A railroad that runs through the metro-east has temporarily closed just a month after an overpass in O’Fallon was built over the now unused tracks.
A few feet of one of the rails that runs through O’Fallon has been cut from the CSX Railroad’s intersection at Illinois 157 in Caseyville. The recently displaced section of rail has been moved and staked to the middle of the tracks, where a red stop sign has been posted. The displaced rail has the words “8/7/15 the end” written in chalk along the rail.
In a statement released by CSX, railroad spokeswoman Gail Lobin said the railroad’s market fluctuates and is often adjusted depending on demand. She said CSX is not abandoning the line or discontinuing service to local customers.
“CSX is constantly focused on aligning its resources to support overall network performance while still delivering safe and reliable service to its customers, which can include engineering and operational changes to some lines,” Lobin said in the released statement. “The changes along the Illinois subdivision reflect a variety of fluctuations in traffic volumes and patterns as well as increased capabilities on other portions of our network.”
O’Fallon City Administrator Walter Denton said the city has not received any notice from the railroad about the temporary closure to the railroad which he said extends from Caseyville to Flora, a small Southeastern Illinois town located in Clay County.
He said the city had been discussing and planning the overpass over the railroad tracks at Venita Drive for 15 years. The nearly $7 million project is now complete and opened to the public on July 2.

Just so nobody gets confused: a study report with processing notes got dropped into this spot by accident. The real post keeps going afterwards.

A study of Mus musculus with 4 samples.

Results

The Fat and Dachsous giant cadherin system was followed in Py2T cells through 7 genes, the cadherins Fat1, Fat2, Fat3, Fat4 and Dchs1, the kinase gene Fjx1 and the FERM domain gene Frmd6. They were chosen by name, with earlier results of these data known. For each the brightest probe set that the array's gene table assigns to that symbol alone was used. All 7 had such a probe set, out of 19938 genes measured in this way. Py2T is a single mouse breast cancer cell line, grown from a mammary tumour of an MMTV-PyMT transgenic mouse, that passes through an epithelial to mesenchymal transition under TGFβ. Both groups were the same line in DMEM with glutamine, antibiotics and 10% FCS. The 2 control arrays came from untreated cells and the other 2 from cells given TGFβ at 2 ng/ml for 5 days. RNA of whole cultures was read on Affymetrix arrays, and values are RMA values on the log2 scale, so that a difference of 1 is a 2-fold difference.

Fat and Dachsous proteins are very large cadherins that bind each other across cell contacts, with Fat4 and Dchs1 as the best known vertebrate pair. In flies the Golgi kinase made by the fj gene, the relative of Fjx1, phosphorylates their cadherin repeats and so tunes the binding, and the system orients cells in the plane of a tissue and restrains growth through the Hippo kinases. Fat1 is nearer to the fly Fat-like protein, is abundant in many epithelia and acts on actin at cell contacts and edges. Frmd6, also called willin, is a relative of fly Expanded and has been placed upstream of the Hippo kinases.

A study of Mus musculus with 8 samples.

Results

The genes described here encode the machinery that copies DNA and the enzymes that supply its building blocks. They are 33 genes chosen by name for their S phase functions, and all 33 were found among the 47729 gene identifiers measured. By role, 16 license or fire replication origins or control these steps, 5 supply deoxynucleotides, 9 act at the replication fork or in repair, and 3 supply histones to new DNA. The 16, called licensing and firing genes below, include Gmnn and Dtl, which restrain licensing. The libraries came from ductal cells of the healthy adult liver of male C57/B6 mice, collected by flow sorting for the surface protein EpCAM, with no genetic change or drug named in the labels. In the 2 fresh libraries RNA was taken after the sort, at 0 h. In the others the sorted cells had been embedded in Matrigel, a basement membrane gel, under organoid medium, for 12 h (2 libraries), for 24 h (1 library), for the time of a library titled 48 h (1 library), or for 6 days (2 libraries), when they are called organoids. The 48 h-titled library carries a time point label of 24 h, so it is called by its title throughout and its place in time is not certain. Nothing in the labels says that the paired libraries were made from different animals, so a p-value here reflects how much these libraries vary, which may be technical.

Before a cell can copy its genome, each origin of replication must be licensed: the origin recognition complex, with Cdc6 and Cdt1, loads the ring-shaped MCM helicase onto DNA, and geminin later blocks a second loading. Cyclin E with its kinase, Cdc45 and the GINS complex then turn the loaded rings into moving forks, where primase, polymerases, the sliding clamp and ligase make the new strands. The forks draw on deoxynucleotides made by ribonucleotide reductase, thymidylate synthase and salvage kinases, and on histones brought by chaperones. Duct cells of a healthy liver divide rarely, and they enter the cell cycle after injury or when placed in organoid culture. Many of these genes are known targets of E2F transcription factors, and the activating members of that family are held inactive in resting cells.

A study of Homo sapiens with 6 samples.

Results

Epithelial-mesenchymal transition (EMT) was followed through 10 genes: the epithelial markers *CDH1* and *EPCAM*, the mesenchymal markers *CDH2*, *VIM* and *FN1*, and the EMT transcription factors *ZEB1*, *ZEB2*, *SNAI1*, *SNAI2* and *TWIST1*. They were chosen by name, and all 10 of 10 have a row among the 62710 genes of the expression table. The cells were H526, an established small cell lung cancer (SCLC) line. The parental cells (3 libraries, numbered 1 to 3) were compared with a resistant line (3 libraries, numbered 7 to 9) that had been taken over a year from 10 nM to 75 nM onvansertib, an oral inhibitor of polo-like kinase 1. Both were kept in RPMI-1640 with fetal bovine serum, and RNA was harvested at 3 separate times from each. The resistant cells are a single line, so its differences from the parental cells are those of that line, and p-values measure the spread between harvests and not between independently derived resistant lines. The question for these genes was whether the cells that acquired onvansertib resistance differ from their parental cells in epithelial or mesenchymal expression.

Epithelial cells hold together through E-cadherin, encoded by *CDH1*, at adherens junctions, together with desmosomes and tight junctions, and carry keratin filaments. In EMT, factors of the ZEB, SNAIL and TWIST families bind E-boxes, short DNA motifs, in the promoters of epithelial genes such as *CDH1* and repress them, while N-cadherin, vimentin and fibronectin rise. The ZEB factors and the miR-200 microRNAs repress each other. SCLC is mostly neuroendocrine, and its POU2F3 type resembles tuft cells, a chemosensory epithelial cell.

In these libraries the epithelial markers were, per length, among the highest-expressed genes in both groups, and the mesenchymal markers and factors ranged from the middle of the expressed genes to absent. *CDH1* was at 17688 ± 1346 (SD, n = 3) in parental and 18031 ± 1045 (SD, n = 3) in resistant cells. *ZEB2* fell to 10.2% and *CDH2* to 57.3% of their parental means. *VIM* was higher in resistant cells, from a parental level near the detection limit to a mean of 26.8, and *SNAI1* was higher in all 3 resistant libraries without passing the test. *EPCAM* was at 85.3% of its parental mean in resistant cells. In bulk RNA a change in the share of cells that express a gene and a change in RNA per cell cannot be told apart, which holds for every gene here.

Denton said the city inquired about the railroad’s future use before dedicating funding and manpower to the project. In response, CSX confirmed that the line would remain in operation for the foreseeable future, he said, and also contributed about $341,000, or 5 percent of the estimated $6.8 million project. The city spent $2.4 million and a $4 million state grant accounted for the rest of the cost.
“We have been working to provide an efficient overpass on the west side of town, and we had one on the east side for quite a while and with all of the growth on the west side we wanted an efficient way for people to get to the interstate,” Denton said. “We built a fire station right by the overpass so we could have first responders there to be able to get back and forth to the west side without trains being a problem. We took all of that into account, and it was our understanding from the railroad that they were going to keep using that.”
He said he is surprised to hear about the temporary shutdown but believes that the new overpass will benefit the area when the railroad reopens it.
“Now it looks strange, I admit, for them to do that after we finished the new overpass, but we had no knowledge of that,” Denton said. “But if it’s only temporary, in the long run it will still be a good project.”
Contact reporter Will Buss at firstname.lastname@example.org or 618-239-2526.